Tips for Effective Postmortems
Writing detailed and accurate postmortems allows you to learn quickly from mistakes and improve systems and processes for everyone. This guide lists some of the things we do to make sure our postmortems are effective.
- Make sure the timeline is an accurate representation of events.
- Define any technical lingo/acronyms you use that newcomers may not understand.
- Separate what happened from how to fix it.
- Write follow-up tasks that are actionable, specific, and bounded in scope.
- Discuss how the incident fits into our understanding of the health and resiliency of the services affected.
- Use the word "outage" unless it really was an outage. Accurately reflect the impact of an incident. Outage is usually too broad a term to use. It can lead customers to think the product was fully unavailable when that likely was nowhere near the case.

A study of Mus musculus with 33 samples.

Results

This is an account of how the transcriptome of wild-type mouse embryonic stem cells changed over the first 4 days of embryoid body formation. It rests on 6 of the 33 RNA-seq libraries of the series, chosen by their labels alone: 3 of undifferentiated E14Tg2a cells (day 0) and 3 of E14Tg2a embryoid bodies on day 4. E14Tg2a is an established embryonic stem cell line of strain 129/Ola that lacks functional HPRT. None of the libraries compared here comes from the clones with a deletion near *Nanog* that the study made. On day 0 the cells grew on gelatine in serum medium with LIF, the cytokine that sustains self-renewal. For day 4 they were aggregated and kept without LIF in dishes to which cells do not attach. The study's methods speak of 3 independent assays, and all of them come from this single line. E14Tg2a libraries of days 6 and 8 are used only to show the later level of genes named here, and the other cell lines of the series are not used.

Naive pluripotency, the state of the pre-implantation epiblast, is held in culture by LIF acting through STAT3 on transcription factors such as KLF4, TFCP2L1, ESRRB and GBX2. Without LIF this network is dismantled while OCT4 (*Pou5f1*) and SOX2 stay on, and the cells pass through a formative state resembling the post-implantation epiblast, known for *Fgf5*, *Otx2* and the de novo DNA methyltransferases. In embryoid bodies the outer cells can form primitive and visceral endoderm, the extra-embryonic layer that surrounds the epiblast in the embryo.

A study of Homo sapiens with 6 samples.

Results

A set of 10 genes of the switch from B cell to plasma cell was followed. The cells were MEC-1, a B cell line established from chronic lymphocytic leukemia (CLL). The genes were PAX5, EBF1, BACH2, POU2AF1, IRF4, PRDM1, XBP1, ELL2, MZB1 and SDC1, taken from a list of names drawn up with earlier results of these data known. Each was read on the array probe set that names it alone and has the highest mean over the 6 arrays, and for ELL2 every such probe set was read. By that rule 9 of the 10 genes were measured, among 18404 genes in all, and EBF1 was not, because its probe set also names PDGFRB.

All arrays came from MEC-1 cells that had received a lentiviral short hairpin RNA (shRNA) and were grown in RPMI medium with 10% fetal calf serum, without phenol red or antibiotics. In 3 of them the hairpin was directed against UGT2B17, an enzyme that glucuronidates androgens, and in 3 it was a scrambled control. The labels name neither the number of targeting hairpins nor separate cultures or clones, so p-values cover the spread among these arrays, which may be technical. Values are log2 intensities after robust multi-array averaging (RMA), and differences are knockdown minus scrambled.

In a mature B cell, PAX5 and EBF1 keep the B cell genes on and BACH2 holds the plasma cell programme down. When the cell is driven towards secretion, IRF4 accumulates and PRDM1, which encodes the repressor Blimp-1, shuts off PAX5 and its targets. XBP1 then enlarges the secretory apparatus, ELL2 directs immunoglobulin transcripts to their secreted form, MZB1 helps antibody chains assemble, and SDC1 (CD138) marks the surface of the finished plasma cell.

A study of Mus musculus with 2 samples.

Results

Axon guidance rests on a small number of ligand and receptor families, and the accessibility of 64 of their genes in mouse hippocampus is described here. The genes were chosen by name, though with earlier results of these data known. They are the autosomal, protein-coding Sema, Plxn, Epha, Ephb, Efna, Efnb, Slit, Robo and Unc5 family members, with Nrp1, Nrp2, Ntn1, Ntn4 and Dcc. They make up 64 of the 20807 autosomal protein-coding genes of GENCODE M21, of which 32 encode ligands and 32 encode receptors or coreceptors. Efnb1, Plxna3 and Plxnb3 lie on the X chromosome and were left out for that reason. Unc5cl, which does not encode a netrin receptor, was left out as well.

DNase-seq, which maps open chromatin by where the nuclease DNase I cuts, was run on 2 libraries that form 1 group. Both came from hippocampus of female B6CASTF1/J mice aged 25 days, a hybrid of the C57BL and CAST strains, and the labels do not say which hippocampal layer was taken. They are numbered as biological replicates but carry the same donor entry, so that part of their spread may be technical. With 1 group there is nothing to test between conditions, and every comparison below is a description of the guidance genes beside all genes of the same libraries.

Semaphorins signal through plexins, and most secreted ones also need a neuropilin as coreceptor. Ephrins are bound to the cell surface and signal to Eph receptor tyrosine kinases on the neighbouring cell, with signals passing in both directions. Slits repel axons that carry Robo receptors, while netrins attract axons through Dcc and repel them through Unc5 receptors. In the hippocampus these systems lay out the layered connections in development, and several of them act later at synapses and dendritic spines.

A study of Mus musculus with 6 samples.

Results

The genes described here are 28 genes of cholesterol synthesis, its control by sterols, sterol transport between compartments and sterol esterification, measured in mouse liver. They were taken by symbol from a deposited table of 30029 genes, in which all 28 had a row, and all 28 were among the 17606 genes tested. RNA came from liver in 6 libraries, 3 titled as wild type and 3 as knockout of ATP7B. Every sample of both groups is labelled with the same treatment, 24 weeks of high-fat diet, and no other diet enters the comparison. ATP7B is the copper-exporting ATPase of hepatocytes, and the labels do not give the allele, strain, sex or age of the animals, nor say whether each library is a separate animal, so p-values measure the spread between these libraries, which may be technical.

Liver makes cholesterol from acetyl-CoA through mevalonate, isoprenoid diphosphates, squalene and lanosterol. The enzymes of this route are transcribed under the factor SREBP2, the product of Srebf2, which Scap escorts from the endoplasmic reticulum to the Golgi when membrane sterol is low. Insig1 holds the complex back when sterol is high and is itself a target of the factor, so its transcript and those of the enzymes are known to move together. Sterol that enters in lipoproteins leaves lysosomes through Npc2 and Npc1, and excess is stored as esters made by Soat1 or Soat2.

- Change details or events to make things "look better." Be honest in postmortems, otherwise they lose their effectiveness.
- Name and shame someone. Keep postmortems blameless. If someone deployed a change that broke things, it's not their fault. Everyone is collectively responsible for building a system that allowed them to deploy a breaking change.
- Blame "human error." Very rarely is the mistake "rooted" in a human performing an action. There are often several contributing factors (the script the human ran didn't have rate limiting, the documentation was out of date, etc.) that can and should be addressed.
- Only point out what went wrong. Drill down to the underlying causes of the issue.